The King’s Record


Will Kay takes the initiative to set up KCL’s own record label.


When I listen to the sublime intro of Helicopter by Bloc Party, I wonder what King’s was like back in 1999 when their lead singer, Kele Okereke, studied English here. When Bloc Party released their debut Silent Alarm, they sold over a million copies, which in my mind is as serious an achievement as anything among those of the alumnus. It has been rightfully marked by Kele’s face being put up by KCL at the Strand Campus amongst those other pioneers.

So when I arrived at King’s a year ago, with a guitar in one hand and a synth in the other, I hoped that I would be jamming into the early hours, writing my magnum opus. As the weeks since freshers passed and my synth collected dust the in corner, I realised this dream wasn’t the reality. It was a disappointment because like many people I would love to spend my life in the music industry, but higher education forces an element of realism upon us, and realistically beyond university with a career amongst other responsibilities, you won’t have the time to start a band.

I don’t think I am alone. I think there are plenty of people out there who would like to have a shot at the big time before they are locked into the complexities of adulthood. Despite this, there was no real scene or a formal place at the University for emerging musicians that I could find.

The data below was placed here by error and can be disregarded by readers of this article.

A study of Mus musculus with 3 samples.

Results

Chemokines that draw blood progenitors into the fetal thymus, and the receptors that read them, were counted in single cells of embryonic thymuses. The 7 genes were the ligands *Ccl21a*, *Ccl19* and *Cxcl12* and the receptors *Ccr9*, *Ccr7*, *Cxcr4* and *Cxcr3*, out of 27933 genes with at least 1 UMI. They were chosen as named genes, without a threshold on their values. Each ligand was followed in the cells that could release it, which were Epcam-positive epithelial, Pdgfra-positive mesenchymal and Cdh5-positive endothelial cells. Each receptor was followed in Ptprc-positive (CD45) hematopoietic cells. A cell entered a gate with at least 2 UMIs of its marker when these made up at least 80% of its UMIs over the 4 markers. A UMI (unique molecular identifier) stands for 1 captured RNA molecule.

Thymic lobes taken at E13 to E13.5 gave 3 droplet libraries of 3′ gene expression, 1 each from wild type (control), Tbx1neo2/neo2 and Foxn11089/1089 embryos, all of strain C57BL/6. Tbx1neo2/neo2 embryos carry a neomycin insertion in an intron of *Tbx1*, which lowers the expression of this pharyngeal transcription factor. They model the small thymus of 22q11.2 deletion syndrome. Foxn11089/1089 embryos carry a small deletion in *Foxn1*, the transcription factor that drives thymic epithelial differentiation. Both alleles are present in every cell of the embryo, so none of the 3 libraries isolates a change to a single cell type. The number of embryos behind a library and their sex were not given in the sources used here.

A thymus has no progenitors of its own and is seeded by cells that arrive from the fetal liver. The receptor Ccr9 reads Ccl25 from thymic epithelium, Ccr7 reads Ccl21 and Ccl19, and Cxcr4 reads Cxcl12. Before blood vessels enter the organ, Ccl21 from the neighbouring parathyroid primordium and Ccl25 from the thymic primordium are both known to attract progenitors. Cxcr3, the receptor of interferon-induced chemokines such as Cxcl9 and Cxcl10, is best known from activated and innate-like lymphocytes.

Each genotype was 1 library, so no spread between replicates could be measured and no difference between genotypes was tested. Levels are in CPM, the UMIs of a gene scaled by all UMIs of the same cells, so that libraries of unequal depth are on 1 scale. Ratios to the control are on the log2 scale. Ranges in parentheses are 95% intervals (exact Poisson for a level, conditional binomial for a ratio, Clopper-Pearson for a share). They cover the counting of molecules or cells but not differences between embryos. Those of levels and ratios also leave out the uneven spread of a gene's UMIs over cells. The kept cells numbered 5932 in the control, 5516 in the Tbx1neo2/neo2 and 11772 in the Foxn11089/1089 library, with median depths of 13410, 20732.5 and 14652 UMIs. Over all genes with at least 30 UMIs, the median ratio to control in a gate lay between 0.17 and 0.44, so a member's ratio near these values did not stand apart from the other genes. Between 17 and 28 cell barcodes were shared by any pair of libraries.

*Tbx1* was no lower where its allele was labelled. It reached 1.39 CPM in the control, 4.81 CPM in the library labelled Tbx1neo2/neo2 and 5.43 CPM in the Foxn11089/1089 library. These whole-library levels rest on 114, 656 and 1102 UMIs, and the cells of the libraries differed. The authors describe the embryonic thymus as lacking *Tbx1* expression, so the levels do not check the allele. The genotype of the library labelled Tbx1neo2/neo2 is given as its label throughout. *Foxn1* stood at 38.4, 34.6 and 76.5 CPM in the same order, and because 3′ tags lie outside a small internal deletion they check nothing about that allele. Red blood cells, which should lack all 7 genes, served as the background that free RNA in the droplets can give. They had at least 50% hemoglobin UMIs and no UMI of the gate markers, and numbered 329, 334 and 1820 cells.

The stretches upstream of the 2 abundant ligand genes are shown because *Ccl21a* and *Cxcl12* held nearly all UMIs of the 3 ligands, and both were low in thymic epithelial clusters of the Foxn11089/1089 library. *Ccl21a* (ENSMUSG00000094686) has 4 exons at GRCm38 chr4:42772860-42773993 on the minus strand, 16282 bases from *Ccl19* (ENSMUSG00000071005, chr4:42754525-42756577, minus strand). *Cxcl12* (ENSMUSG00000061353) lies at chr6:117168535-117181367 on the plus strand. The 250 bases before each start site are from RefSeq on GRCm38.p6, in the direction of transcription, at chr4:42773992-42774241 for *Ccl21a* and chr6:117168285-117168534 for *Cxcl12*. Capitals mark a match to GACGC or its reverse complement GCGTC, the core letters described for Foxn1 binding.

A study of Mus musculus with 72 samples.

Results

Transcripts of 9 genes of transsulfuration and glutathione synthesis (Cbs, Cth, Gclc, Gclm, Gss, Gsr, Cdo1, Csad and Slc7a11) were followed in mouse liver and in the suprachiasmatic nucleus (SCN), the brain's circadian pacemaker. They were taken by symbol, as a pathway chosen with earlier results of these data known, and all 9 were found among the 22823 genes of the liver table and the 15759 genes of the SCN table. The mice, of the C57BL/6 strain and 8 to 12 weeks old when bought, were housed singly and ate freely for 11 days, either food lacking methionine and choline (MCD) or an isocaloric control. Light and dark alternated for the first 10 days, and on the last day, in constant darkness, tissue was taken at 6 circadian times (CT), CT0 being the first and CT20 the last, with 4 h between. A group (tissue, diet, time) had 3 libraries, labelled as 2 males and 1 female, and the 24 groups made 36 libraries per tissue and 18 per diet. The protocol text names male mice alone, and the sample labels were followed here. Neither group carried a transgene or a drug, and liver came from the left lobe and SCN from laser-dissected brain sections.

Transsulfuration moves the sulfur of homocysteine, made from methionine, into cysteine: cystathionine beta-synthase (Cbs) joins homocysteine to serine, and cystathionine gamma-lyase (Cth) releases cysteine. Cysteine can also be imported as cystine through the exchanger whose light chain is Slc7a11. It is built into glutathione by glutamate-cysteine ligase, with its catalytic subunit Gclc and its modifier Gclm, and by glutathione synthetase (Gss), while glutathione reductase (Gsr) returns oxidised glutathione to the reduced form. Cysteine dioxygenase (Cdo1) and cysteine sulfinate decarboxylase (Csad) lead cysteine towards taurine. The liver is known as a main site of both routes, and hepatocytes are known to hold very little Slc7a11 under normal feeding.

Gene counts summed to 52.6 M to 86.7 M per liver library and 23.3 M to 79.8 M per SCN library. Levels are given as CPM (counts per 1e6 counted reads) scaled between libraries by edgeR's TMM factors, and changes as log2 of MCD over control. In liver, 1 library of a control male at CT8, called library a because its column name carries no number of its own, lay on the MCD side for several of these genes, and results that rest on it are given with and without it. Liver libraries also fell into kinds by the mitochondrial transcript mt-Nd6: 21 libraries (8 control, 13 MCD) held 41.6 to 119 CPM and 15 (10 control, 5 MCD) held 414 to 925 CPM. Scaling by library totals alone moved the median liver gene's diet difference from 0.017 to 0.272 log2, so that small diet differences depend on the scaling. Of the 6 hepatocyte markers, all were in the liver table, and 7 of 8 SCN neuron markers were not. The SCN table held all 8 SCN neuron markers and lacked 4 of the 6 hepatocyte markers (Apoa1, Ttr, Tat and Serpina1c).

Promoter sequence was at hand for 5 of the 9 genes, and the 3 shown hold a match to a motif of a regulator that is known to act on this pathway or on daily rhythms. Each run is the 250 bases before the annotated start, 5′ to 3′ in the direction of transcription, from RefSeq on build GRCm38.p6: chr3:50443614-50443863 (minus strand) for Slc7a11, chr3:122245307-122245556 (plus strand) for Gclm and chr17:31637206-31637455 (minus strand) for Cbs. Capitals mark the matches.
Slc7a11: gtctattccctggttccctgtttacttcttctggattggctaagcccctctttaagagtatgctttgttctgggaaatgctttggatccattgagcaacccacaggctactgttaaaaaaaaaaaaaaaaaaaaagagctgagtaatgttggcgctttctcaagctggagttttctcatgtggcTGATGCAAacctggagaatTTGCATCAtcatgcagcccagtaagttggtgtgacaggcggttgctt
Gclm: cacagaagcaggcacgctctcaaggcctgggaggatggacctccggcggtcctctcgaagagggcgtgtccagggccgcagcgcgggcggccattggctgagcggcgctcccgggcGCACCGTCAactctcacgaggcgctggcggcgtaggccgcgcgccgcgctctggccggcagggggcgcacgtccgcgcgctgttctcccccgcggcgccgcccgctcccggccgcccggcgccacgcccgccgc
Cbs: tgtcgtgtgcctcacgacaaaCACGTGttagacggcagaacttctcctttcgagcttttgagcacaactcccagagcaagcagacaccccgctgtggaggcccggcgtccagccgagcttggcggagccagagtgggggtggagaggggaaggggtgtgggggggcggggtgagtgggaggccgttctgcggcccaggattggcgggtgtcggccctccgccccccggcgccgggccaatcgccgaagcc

I realised it was all up to me. I looked at the other societies at KCL, and it seemed like that kind of setup would be a great thing to make use of, a platform for musicians. It also had to be industry savvy, and relevant for what is really a very ambitious career path, no reservations. A functional institution but with the freedom that true creativity requires. Then I had the idea of starting The King’s Record.

The name came quickly, and it seemed like somewhat of a statement, because I knew it might cause initial confusion with the official King’s Student Records, but at this point all I had in my head was the need to start a record label for King’s students.

It was easy to get started with my friend Daisy from halls as administrator. Last year after going through the motions of getting the society ratified we had to think what form it would take. Initially I thought it might just be a society solely for musicians to meet other musicians. I wanted to dream big though and having had limited success with the small number that had signed up half way through the year, it was time at freshers’ fair to get as many people on board as possible.

As a society we have big aims beyond just getting musicians together, including a fortnightly single release, an end of year compilation album and a concert. I am excited to see if this is achievable, whether the society will ever release anything meaningful or big enough to stand up to Bloc Party’s standard. So all I can ask you to do is watch this space and in the meantime check out our first release, ‘Swingers’ by Slagcan.